During the course of the school year, my son’s school has needed volunteers for more activities and events than I could possibly recall. They need volunteers to run the canteen. To man the food tables at the annual “Doughnuts with Dad” and “Muffins with Mum” events. To supervise a slew of second-graders for an excursion (not to mention on the bus ride there and back). To help get kids into their costumes before the Halloween parade and to plan — and run — the latest fete.
It takes a village to raise these kids and yet, sometimes, we find ourselves in a season in which we may want to volunteer for all of it (or some of it), but we simply haven’t got the time. There are still ways to get involved and help that don’t require you to duck in and out of the office at all hours of the work day.
Be the material donor
I’ve been the mum who helps with preschool crafts, who pops in as the kindergarten class’ “Mystery Reader of the Week” and who chaperones the class field trip to the pumpkin patch. I’ve had years in which my work schedule allowed for that flexibility, and knowing that so many other parents didn’t have that option, I offered up my time whenever possible.
But things have shifted for me in recent years, and as the amount of time I can spend at the school decreases, my donations for whatever the teachers need has increased. I send in supplies for every class party, I buy candy for the fundraiser, I send in boxes of tissues and containers of antibacterial wipes, and I save stacks of newspapers and plastic bottle caps for art projects. It takes fewer minutes out of my day but still allows me to contribute.
Help behind the scenes
One of the biggest time-sucks for a teacher is the endless amount of preparation. If your daytime hours are already spoken for but you have a little time in the evening to relax in front of the TV, ask your kid’s teacher if there’s anything they’d like to send home for you to help prep. An extra pair of hands to cut out letters or shapes for projects, sort and staple packets of paper or prepare supplies for activities is almost always appreciated.
Bundle your time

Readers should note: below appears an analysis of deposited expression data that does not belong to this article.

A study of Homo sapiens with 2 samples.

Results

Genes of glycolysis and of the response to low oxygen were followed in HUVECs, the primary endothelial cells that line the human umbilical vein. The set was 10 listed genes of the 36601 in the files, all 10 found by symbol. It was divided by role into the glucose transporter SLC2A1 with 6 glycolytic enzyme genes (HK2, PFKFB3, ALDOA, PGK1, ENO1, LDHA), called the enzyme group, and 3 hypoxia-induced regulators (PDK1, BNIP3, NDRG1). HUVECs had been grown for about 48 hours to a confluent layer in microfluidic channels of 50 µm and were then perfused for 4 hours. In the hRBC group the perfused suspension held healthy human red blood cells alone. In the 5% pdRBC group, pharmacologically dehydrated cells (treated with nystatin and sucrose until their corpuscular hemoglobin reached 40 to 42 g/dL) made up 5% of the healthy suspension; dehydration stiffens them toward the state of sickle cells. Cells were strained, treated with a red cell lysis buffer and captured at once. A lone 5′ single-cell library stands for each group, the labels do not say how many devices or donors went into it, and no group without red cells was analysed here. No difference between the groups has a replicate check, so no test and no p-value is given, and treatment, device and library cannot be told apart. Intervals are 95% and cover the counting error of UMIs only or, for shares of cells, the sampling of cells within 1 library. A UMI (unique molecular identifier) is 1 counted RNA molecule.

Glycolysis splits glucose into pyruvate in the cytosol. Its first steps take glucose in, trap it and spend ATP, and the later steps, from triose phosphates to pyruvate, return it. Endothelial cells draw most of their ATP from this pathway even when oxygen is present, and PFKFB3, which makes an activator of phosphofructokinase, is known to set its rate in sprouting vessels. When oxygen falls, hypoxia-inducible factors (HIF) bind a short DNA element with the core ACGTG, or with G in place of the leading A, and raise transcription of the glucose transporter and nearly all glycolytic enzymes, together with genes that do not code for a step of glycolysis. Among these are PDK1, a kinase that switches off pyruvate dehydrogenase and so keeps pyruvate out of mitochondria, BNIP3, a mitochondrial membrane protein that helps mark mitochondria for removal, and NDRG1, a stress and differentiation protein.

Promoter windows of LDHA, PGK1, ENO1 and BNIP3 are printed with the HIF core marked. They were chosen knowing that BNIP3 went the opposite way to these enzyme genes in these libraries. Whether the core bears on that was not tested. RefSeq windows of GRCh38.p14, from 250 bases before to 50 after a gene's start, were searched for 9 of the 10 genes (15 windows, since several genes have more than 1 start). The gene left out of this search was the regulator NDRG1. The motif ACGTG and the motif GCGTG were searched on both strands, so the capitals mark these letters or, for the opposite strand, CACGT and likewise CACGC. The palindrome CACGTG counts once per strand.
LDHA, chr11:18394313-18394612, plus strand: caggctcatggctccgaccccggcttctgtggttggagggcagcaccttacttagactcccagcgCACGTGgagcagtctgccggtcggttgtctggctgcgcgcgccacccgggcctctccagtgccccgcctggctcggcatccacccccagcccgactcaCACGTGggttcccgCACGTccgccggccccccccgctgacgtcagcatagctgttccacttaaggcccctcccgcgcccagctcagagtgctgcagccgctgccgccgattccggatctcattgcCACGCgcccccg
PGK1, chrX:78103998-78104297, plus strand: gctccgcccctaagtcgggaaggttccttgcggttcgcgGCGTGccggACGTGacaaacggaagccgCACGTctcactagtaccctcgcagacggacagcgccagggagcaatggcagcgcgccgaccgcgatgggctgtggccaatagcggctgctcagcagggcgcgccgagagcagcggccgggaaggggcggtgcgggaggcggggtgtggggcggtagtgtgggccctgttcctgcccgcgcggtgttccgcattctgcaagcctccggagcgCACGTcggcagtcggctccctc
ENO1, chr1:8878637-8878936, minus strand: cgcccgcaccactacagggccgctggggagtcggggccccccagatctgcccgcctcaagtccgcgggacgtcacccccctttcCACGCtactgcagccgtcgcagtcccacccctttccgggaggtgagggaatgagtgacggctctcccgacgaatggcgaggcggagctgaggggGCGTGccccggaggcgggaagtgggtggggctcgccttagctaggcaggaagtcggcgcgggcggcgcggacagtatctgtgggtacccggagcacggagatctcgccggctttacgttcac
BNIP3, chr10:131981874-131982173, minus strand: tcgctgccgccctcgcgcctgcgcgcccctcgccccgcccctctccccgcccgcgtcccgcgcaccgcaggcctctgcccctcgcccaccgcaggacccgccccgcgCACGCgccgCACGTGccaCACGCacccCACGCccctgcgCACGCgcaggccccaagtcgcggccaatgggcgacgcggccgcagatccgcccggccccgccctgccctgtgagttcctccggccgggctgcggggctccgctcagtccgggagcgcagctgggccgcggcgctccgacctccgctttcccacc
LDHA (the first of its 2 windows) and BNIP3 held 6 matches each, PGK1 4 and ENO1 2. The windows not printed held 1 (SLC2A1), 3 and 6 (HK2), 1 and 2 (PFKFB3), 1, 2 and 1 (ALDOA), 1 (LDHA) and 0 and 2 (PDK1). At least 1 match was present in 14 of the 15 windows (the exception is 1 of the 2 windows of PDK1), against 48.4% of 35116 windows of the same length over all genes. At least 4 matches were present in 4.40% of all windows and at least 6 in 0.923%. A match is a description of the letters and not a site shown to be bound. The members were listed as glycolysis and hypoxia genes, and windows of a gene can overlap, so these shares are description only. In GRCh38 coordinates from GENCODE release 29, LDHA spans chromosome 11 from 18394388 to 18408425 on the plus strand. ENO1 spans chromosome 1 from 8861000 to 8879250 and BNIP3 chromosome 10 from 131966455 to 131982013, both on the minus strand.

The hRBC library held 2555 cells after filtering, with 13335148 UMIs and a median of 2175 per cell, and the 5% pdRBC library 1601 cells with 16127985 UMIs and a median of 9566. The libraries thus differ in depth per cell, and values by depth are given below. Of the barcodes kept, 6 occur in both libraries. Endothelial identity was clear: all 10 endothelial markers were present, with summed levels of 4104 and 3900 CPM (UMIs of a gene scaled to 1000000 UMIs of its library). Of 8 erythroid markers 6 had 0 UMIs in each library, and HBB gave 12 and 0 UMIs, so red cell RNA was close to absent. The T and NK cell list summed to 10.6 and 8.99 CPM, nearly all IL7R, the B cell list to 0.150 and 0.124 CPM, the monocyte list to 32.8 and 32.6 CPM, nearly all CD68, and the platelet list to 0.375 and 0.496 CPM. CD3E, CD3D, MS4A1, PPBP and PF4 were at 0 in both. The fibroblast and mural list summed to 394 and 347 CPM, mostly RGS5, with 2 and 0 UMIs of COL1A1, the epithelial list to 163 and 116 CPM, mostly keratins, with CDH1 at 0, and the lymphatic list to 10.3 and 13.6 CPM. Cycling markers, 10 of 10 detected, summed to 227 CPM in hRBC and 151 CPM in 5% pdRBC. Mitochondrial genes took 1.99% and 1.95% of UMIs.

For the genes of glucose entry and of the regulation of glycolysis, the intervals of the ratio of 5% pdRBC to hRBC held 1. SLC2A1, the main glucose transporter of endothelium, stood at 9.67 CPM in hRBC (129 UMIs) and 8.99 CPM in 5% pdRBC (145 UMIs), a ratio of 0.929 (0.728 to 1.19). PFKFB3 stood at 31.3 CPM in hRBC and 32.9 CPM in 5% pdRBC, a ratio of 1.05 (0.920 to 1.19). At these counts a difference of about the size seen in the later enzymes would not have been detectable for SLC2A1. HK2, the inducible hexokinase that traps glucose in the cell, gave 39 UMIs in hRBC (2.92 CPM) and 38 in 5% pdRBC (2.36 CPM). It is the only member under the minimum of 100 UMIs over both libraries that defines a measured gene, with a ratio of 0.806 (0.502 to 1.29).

If being physically present in the school is important to you but you can’t be missing work for every last event, trying knocking it all out at once. Daisy Wademan Dowling, founder and CEO of Workparent, writes in the Harvard Business Review that parents might try planning ahead and “bundling” all of their volunteering together in one day.
Schedule a personal day well in advance and use it entirely for school volunteerism. Maybe you’ll be the “reading helper” in your daughter’s second-grade class in the morning, walk the school’s neighbourhood safety patrol in the afternoon, and take the minutes during the fundraising committee meeting at 5 PM. When the day is over, enjoy knowing that your yearly contribution has been made in full — and efficiently.
Or, just, don’t
If all goes according to plan, your kid will be in school for 13 years (not counting daycare, preschool and any higher education, that is). And yes, those years will fly by, but there are still a lot of them. You will find a way to contribute at some point, even if that point isn’t right now. If you’re simply stretched too thin, it’s ok to let yourself off the hook.
Just be sure to offer a heartfelt thank you to the parents who always seem to be organising the holiday parties or volunteering to wrangle the kids on the latest field trip. They’ll appreciate being recognised for their contributions and one day, you might be able to pitch in when they can’t.